TOWNSEND — Like more than 10,000 other cities and towns across America, Townsend honored its veterans this weekend in a celebration that was extra-meaningful in that it is the 100th anniversary of Veterans Day.

Formerly known as Armistice Day, Nov. 11 signifies the end of World War I and the beginning of a national tradition. At 11:11 a.m. on the 11th day of the 11th month, church bells rang out in recognition of all those who served in the U.S. military.

The opening ceremony at VFW Post 6538 on Main Street began with the words: “We are here to honor all those who fought in the fields, on the sea and in the air.” More than 100 visitors gathered around the flag, tethered above the monuments, to solemnize veterans of all services and all generations.

The 30-minute service ended with the playing of a lone bugle. As “taps” blew over the loudspeaker, the flag blew in the crisp autumn air, as if brought to life by the collective spirit of heroes past.

Betty Mae Tenney was the principal organizer for the event and addressed the crowd, who donned a variety of uniforms from Cub Scout blues to Vietnam-era fatigues.

“He is the anonymous hero who is now walking the beat, or bagging groceries,” she said. “He is the loudmouth at the local bar or the wounded warrior that pins his medals on with a prosthetic hand.”

Tenney made the point that not all veterans are of combat or of bloodshed, but that the sacrifice is yet equal and the all-inclusive recognition reflects that, and asked onlookers to “just say thank you.”

The nearby church bells were inaudible against the recurrent breeze, silent and fleeting, yet loud and enduring like those for whom it tolled.

Rhona Deware was there for just that reason.

“I came out to honor the service and sacrifice of my dad and all the other veterans, through all the years and all the wars,” said the Townsend woman, whose father served in the Army from 1940 to ’45.

Townsend is home to an estimated 300 veterans of all ages. And to countless widows.

“We come every year,” said Raynold Jackson, a Navy submariner. “We need to keep remembering. Otherwise, the duty they paid will be forgotten.”

In a bit of prescience and accidental homage, the Nashua Valley Cub Scouts were there, wearing their pack number 11 patch on their left shoulders. Local Boy Scout troops carried and presented both the Stars and Stripes and the town banner.

“It is the soldier, not the reporter, who gave us freedom of the press. It is the soldier, not the courts, who protects the Constitution,” Tenney said. “Just say, thank you.”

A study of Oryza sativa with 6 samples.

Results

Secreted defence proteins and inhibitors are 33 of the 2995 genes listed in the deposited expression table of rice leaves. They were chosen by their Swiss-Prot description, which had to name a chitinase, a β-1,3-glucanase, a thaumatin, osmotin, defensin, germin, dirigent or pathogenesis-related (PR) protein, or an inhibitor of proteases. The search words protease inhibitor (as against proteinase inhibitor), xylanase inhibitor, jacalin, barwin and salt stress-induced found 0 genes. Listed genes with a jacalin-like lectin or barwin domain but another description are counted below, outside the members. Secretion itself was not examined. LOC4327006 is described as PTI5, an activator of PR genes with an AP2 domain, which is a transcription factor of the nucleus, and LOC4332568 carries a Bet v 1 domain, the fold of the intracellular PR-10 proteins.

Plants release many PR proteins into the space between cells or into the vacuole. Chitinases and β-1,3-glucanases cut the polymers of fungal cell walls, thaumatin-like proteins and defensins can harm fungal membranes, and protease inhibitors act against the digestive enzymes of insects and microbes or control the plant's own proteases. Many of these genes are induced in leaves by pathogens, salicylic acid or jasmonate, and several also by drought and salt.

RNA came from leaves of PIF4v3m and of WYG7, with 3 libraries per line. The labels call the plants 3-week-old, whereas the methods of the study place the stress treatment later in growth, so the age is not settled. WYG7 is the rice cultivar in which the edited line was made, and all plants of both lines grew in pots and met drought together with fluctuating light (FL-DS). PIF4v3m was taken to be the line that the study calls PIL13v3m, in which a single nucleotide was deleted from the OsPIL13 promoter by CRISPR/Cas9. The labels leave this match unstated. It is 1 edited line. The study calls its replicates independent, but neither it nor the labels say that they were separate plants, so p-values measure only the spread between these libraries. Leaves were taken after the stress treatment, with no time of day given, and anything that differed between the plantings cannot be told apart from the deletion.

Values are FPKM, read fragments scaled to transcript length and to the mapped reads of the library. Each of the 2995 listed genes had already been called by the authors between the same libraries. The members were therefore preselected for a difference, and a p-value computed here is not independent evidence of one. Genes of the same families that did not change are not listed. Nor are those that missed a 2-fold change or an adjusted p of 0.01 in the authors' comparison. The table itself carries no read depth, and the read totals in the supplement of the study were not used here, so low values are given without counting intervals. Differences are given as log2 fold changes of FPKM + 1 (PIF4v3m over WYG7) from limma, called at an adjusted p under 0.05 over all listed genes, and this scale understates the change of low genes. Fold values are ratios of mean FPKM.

After the somber Veterans Day ceremony at the VFW monument in the morning, the mood became more festive.

In a series of events, at various venues, that featured residents entertaining residents, Townsend was alive with sound. Beginning with the solemnizing chime of church bells at 11:11 a.m. to commemorate military service, the rhythm moved on to the Senior Center where the Community Chorus rocked the house with old favorites from stage and film.

The Townsend Historical Society picked up the beat with their annual members’ meeting and concert. This year’s theme was the 100th anniversary of the signing of the armistice that ended World War I. The guest of honor at the concert was the only resident who was alive for that historic signing,100 year-old Catherine Wilson.

Wilson was born September 18, 1918 and is currently the town’s oldest resident, and carries the Boston Post Cane to prove it. Spending most of her life here, Wilson was awarded the Cane earlier this month. Each town in Massachusetts has a similar cane that is held by the oldest resident, passed down to the next person upon death. Although many towns have lost track of their prestigious Post Canes, Townsend continues staunchly with the tradition. In fact, Wilson’s grandfather was the first resident to hold the cane.

With her Cane beside her, still bearing the fingerprints of her grandfather, Wilson had a front row seat for the THS’s yearly concert by the Bob Page Jazz Trio at Memorial Hall. Taber Morrell is president of THS and wore a borrowed WWI-era army uniform for the event. A few attendees also wore period outfits while Main Street outside the hall was lined with Model-T cars from a century ago.

“Every year, for our annual members’ meeting we like to have a concert for the public,” said Morrell. The event serves multiple purposes including informational for members, fundraising for THS and entertainment for the community. “We like to have a theme attached to the event,” he said. This year’s topic was an easy choice given the 100 year anniversary celebration and the fact that more than 300 residents are veterans.